Facebook sneak attacks users’ privacy with Places

Facebook’s newest feature, a location-based service dubbed “Places,” is the latest in a series of updates to the popular social networking site. However, what separates Places from previous additions, including the company’s most recent privacy updates or the News Feed, is the lack of protest from users. So far, criticism of Places has been limited only to a minority of bloggers and forum users — a fact that drastically contrasts the outcry that followed Facebook’s release of Beacon, a feature that published what users were buying and that eventually resulted in a $9.5 million settlement.

While Facebook Places may not warrant a $9.5 million lawsuit, the service certainly includes features that we consider problematic. The concept itself — a service that allows users to check in at any location such as a mall or a local business and simultaneously allows users to see the locations of all their friends — may be a little overbearing, but is certainly nothing to protest. After all, services such as FourSquare have been allowing location check-ins long before Places came out. However, one aspect of the service that may make some uncomfortable is the ability to tag and check in friends, even if they’re not present at a location. Thus, the control is often not in the hands of individual users but of their friends — especially if they have not opted out of the Places service. While this system of controls is similar to photo tagging, people’s current location does not equate to a past photo of them.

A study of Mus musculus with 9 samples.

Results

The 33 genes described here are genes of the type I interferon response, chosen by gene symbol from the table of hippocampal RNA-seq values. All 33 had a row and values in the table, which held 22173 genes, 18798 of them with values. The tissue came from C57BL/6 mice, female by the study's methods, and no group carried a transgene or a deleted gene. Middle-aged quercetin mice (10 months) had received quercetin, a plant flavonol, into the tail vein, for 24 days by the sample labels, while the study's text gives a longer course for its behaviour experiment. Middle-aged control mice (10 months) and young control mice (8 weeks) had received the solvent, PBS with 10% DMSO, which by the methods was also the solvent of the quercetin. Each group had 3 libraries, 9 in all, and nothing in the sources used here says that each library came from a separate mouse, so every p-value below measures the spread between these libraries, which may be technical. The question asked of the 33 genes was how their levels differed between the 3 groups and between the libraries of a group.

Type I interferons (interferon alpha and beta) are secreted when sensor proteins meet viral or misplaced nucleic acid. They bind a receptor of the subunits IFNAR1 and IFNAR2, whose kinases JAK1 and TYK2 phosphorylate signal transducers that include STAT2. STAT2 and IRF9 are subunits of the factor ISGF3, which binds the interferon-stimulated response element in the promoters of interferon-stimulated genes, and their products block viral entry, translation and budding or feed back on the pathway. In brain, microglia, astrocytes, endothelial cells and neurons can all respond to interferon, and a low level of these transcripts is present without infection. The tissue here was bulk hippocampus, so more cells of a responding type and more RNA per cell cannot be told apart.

This brings up our main concern with Places — the fact that all Facebook users are opted in to the service by default. This means that it is running automatically for every user, and, even if users themselves do not actively use the service, their friends may check them in. Furthermore, when Places first became available, users were not introduced to the product, so most users may not even be aware that the service exists. To learn about the service, Facebook users must follow multiple links until they finally arrive at Facebook’s blog, which then directs them to a series of FAQ pages and a video

And what if users want to disable the feature? Well, it is not as easy as clicking a recognizable “No thanks” link. Instead, users must follow a long series of directions that includes customizing their privacy settings, disabling a feature called “People Here Now,” and editing a section called “Info Accessible Through Your Friends” by ensuring that “Places I check in to” is not chosen.

Sound complicated? We think so too. For full instructions on how to adjust who can expose your location on Places, be sure to visit and carefully follow the directions at!/help/?faq=17402.